Paul Paul - 4 days ago 6
Python Question

pyton 3.5 asyncio how interpreter handles 'suspended' corutines

I'm new to asyncio and trying to understand how it actually works.

Lets say we have two corutines and one of them looks like this:

async def f():
await sleep(10)
print('something')


Instead of
sleep()
could be any IO operation, obviously.
If I understand this code right, we starting to execute
sleep(10)
and switching context to the some other couroutine (if it exists).

But how does interpreter 'counts' that 10 seconds if this coroutine has been suspended? Or how does interpreter handle some IO response, if it happened when coroutine is suspended?

Answer

Internally asyncio.sleep() returns a Future object. The future's value will be set after timeout expiring.

Every coroutine is executed by asyncio.Task. The future is bubbled up to task runner (Task._step() actually). The runner adds a callback to bubbled future for waking up itself when future will be done.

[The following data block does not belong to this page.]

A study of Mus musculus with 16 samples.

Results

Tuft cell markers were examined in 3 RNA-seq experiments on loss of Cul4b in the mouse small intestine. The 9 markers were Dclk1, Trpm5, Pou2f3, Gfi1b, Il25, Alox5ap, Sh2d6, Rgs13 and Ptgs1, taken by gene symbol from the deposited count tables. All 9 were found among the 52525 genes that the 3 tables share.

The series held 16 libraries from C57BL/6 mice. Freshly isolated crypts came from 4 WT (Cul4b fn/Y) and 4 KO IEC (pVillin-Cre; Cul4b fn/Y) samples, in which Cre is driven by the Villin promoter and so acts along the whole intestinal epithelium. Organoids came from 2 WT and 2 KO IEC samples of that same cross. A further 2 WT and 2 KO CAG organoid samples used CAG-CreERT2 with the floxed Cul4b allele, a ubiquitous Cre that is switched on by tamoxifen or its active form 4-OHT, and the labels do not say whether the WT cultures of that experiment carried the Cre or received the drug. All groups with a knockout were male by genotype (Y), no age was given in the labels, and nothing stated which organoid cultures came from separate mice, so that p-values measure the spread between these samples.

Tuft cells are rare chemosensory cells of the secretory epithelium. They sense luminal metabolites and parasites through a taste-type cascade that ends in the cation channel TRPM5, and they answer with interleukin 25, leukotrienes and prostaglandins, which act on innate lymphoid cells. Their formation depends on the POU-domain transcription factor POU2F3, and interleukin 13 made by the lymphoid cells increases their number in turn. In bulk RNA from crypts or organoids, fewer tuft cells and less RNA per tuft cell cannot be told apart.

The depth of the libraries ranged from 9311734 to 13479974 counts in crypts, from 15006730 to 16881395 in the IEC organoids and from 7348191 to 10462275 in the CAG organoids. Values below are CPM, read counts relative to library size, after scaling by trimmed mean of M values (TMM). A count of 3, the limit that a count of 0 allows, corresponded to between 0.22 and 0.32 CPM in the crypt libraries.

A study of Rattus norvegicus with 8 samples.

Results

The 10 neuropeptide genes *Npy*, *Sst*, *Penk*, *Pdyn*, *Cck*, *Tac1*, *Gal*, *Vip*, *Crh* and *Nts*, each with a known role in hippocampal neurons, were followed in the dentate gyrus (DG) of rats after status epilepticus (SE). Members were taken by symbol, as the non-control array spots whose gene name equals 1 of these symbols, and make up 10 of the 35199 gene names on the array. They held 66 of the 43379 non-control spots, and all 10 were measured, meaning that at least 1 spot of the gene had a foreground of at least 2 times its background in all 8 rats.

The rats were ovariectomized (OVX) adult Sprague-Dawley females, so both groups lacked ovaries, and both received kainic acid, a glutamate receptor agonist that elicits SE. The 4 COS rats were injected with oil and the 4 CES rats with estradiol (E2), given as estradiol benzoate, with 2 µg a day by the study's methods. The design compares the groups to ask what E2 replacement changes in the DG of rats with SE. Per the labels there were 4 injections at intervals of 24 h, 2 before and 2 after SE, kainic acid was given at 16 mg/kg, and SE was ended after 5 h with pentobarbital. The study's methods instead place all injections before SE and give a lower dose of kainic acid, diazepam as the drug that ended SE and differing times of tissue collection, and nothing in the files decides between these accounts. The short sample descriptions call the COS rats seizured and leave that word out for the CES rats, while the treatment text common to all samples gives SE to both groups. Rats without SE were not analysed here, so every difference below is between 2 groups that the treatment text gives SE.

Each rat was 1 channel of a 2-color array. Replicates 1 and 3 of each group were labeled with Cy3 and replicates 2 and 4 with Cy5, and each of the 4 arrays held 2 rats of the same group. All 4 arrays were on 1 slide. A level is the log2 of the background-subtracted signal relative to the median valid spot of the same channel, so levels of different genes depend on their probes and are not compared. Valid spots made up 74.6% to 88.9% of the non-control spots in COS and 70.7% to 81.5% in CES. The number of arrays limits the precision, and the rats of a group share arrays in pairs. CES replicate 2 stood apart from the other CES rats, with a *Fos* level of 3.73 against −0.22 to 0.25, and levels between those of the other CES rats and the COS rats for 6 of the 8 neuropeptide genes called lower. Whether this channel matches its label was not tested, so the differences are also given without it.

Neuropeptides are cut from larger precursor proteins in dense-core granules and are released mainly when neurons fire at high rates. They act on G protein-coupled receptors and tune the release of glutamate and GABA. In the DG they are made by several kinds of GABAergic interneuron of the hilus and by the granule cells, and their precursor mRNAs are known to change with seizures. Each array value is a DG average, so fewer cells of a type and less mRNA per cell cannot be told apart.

sleep() implementation is trivial:

@coroutine
def sleep(delay, result=None, *, loop=None):
    """Coroutine that completes after a given time (in seconds)."""
    if delay == 0:
        yield
        return result

    if loop is None:
        loop = events.get_event_loop()
    future = loop.create_future()
    h = future._loop.call_later(delay,
                                futures._set_result_unless_cancelled,
                                future, result)
    try:
        return (yield from future)
    finally:
        h.cancel()

Task runner is much more complex beast but it's source code is still readable: https://github.com/python/asyncio/blob/master/asyncio/tasks.py#L223-L300

Every blocking IO returns a future too (maybe from very deep internal call). When IO waiting is done the given value (or exception) is assigned to the future, task runner is woken up and suspended coroutine is resumed.